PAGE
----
South Texas Politician Denies Having Filed Chapter 13 Bankruptcy

May 30, 2012



Alvarez, who is running for the hotly contested position of Starr County Commissioner, apparently filed for Chapter 7 bankruptcy seven years ago, and then switched his filing to a Chapter 13 case a few months later, sources say.

In a recent interview, though, Alvarez reportedly refused to answer questions about his bankruptcy history and told reporters that they had the wrong information. When pressed on what information the reporters had wrong, Alvarez refused to answer, according to the report.

The politician’s response is somewhat bizarre, given the normalcy of bankruptcy in everyday American life. In recent years, a wide range of politicians, at the local, state, and federal officials, have filed for bankruptcy and still maintained their careers as public servants.

Still, some stigma surrounding bankruptcy, at least in the cutthroat world of politics, remains. Alvarez’s opponent in the race, Abel Cantu, has reportedly criticized Alvarez’s financial history, questioning whether Alvarez is fit to oversee an annual budget of almost $1 million.

When he filed for Chapter 13 bankruptcy, Alvarez owed Starr County more than $20,000 in unpaid taxes, and he owed a local school district $40,000 in unpaid taxes. Alvarez also reportedly owed more than $47,000 to the Internal Revenue Service, according to a claim the federal agency made during his bankruptcy filing.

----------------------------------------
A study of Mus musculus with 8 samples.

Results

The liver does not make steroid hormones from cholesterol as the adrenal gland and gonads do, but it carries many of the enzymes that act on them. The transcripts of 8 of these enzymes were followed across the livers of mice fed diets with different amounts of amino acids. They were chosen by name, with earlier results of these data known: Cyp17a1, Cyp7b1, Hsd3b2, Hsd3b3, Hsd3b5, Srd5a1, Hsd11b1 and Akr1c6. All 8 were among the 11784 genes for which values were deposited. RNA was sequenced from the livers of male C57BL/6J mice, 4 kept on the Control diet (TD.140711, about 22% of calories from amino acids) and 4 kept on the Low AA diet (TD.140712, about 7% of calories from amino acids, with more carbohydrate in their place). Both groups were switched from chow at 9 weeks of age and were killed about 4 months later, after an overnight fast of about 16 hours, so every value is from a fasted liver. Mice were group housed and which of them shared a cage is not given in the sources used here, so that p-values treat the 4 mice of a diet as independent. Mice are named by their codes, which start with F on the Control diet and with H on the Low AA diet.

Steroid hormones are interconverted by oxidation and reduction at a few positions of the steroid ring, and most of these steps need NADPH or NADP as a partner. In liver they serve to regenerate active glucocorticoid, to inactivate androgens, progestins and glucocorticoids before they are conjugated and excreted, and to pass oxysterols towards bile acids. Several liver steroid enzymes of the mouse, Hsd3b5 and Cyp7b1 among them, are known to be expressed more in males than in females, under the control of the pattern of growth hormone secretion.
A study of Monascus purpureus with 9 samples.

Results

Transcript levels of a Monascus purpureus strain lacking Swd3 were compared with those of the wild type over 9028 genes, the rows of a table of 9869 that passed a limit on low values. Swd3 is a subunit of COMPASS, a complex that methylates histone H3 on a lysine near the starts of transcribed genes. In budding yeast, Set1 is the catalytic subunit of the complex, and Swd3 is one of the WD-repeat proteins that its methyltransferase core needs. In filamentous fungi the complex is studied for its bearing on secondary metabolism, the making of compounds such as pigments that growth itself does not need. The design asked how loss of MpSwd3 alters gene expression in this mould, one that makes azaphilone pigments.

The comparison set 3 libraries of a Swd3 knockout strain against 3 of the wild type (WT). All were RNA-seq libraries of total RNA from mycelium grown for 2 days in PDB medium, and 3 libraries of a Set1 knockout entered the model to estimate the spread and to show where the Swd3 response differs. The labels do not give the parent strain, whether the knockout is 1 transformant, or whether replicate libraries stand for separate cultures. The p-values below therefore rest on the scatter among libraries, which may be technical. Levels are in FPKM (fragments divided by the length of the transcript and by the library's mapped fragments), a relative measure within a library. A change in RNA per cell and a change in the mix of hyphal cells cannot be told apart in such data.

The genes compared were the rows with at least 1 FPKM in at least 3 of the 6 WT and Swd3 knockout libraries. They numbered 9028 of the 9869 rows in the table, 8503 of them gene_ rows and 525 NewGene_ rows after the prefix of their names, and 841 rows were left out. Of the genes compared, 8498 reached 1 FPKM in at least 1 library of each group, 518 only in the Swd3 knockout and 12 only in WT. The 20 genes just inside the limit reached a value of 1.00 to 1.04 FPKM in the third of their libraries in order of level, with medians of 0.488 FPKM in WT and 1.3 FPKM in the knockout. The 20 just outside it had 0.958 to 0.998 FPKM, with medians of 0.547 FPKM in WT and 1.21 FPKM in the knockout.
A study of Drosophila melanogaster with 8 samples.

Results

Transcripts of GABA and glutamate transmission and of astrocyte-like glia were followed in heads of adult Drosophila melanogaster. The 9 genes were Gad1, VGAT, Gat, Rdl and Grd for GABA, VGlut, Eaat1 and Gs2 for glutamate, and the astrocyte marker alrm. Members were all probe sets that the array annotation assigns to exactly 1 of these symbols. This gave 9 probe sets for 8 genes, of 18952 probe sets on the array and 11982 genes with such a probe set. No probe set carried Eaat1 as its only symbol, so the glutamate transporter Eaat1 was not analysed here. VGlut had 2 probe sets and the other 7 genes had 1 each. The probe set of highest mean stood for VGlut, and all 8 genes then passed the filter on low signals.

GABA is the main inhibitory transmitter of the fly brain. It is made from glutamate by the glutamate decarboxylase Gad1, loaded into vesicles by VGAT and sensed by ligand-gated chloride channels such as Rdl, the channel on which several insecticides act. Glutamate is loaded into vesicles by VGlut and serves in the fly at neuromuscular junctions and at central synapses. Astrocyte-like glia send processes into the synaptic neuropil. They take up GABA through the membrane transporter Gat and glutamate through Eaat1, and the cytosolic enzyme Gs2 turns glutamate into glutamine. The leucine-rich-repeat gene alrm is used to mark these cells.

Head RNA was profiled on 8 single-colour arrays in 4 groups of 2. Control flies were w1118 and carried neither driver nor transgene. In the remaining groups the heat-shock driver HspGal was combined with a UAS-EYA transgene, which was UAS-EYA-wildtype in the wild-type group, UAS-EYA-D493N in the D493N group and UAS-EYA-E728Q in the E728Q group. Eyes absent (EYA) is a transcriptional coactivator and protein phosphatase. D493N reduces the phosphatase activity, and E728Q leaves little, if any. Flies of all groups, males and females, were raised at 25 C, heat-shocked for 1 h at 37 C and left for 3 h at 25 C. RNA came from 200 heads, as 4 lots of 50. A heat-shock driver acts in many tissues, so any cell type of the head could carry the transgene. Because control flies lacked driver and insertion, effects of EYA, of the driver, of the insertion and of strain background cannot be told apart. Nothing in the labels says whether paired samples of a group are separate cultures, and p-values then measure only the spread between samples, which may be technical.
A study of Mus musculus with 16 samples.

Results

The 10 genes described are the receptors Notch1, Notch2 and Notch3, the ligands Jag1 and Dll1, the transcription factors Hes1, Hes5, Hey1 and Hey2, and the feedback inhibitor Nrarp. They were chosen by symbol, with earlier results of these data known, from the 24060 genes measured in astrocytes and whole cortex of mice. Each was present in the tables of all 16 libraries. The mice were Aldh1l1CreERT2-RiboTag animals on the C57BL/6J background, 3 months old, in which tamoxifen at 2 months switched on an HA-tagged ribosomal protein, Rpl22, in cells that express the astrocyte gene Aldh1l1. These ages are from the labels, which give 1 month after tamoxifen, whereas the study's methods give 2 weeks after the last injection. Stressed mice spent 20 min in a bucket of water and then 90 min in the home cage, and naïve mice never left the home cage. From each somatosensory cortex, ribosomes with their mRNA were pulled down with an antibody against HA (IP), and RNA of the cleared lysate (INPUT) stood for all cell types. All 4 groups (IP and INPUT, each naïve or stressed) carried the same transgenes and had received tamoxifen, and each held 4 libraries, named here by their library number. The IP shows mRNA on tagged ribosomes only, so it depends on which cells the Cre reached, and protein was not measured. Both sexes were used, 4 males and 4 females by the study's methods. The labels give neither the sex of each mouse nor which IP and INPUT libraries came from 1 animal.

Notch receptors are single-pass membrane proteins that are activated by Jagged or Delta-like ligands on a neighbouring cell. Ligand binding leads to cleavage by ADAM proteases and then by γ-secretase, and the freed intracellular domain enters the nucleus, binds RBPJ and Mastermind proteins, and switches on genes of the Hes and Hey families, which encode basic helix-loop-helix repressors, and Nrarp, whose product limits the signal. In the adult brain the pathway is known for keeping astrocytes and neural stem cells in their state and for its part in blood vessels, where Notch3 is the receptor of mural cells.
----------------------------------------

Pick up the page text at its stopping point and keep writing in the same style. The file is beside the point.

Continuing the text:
Sources say, though, that his bankruptcy case was dismissed in 2007 due to unspecified filing errors, but before the case was dismissed, Alvarez had paid at least $20,000 towards his payment plan, which was created to appease his creditors.

Because his case was dismissed, Alvarez still reportedly owes taxes to the county and school district, which could make his job a bit awkward if he is elected to oversee the county’s finances.

In a recent phone interview, though, Alvarez stressed that reporters “didn’t have their facts right” and claimed his name was a common one in the county.

As south Texas news outlets try to sort through the candidate’s financial past, voters will ultimately be the ones to decide whether Alvarez is trustworthy.